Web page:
How to take part in the world's most stupid exercise:
Step 1. Buy rather expensive laundry appliances from a reputable and trusted dealer.
Step 2. Pay money for them to be delivered and installed.
Step 3. Pay money to simultaneously have a licensed plumber available at the time of delivery because he has to unhook the gas from the old gas dryer and hook it up to the new one. (No one can touch gas hookups except the gas company or a licensed plumber. Preferably one with an IQ higher than 12.)
Step 4. Discover, after the installers leave, that neither appliance works.
Step 5. Listen to the stupid Typepad-esque answer of "It's probably your fault." Argue the point. Demand that someone come make them work.
Step 6. Have them come, purportedly fix them, then leave, when you're gone.
Step 7. Return home to find them NOT fixed in the least.
Step 8. Rinse and repeat (Not the laundry. The appliances don't work, remember? The process. It's a figure of speech.)
Step 9. Return home after a stay away because of bad weather to find that one of the two now works (the water pipe threads were stripped by the first installers), but the other doesn't.
Step 10. Throw a tantrum and insist that the other one get fixed or they can come pick up their hunks of steel and "gimme my money back."
Step 11. Wash tons of laundry that has been building up and hang it to dry on racks (At least it's economical, green, and probably the Right Thing To Do. Except when one has just bought a $1,000+ appliance to do the same.)
Step 12. Call the plumber and ask, "John, um...is it, um, possible you, um, did not turn on the gas?" (You can see what's coming, can't you?)
Step 13. Listen to the plumber reassure you, "Oh, yes. I came back a second time to be SURE it was on. Your dryer is going to work, don't you worry. All you have to do is turn it on and off manually four or five times. Well, you might have to do it 12 times, because there is air in the gas hose. And then it will work."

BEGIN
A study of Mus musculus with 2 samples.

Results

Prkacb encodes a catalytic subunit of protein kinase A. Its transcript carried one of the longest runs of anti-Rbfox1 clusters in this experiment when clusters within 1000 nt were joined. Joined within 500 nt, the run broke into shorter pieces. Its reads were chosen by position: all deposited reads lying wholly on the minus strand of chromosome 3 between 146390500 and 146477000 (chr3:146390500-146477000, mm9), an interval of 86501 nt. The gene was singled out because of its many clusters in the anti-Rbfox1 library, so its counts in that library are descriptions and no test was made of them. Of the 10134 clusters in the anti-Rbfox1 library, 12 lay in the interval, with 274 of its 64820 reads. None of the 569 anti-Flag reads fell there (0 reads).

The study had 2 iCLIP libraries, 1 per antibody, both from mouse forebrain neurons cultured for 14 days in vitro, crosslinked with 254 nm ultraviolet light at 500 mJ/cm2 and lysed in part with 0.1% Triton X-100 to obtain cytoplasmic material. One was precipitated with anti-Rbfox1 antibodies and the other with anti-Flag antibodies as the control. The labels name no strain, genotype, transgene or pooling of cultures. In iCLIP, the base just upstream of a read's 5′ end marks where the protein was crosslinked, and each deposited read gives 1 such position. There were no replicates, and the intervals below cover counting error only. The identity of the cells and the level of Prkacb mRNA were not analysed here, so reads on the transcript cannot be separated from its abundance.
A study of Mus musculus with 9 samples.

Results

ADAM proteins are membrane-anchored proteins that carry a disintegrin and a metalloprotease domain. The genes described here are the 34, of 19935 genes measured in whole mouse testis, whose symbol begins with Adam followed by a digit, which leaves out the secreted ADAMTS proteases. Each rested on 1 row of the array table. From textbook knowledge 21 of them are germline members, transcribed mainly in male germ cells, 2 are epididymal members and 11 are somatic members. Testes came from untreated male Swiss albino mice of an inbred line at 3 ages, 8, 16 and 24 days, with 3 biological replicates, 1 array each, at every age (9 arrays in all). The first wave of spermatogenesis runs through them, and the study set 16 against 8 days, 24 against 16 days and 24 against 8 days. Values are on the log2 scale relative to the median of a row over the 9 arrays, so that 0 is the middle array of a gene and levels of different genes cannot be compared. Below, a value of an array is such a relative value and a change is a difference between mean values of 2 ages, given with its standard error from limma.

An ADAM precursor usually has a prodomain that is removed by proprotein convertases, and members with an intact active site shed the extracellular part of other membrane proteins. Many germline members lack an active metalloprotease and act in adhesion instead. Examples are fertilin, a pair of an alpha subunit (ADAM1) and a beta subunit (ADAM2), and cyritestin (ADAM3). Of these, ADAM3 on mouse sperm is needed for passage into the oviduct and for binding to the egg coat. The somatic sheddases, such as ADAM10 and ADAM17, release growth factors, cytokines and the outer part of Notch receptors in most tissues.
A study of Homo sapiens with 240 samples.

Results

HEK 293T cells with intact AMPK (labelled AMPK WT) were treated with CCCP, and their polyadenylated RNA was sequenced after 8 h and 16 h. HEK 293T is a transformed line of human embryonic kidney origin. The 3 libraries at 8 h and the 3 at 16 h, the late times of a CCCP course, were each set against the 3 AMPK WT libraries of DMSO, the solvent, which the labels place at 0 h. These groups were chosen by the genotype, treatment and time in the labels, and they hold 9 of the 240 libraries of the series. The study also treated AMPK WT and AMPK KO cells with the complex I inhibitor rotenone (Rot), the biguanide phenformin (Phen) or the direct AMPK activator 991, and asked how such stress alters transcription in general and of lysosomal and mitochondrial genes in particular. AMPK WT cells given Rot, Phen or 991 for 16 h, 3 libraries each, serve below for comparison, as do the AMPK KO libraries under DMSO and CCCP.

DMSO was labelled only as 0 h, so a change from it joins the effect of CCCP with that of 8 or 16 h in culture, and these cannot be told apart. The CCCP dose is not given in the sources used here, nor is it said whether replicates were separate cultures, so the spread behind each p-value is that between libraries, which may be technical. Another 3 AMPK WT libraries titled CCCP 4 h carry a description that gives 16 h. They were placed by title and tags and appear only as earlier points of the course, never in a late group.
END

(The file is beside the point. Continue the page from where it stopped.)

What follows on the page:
Step 14. Stand there stupidly turning the dryer on and off for the next 2.5 hours, at least 1,009 times. Still cold.
Step 15. Scream bloody murder to the sales place. Get a call from the repairman, who says, "It must be that the igniter got cracked during delivery."
Step 16. Go to work before the repairman arrives Monday morning.
Step 17. Arrive home after work to get the message from spouse that......
have you guessed it yet? Of course you have:
Step 18. The *&^%$# gas had not been turned on.
It was only the extremely timely arrival of my copy of Franklin's book
that saved me from doing something drastic. I turned to page 1 and started laughing. It was one and three-quarters hours later when I stopped to catch my breath, only to realize that I had completely lost the urge to disconnect the gas dryer hose and duct tape it to my mouth.
Oh Franklin, you are a sweet, funny dear, and now you may add Suicide Interventionist to your already impressive resume.
If I had gone to Harvard, do you think we would have ended up married?
Well, yes, there is that.
Never mind, then.
This book is a delightful and refreshing little gumdrop. Franklin's humor is smart and fresh and genuine, and you don't have to be a knitter to get it. When I put it down briefly to stir the pasta sauce, I had to wrest it from my non-knitting husband's hands so I could keep reading it. That, my friends, is an endorsement.
If you don't already have the book, ask Santa to put a copy in your stocking -- it will fit in there so nicely. Make sure you take a pee before you open it, though. Honestly.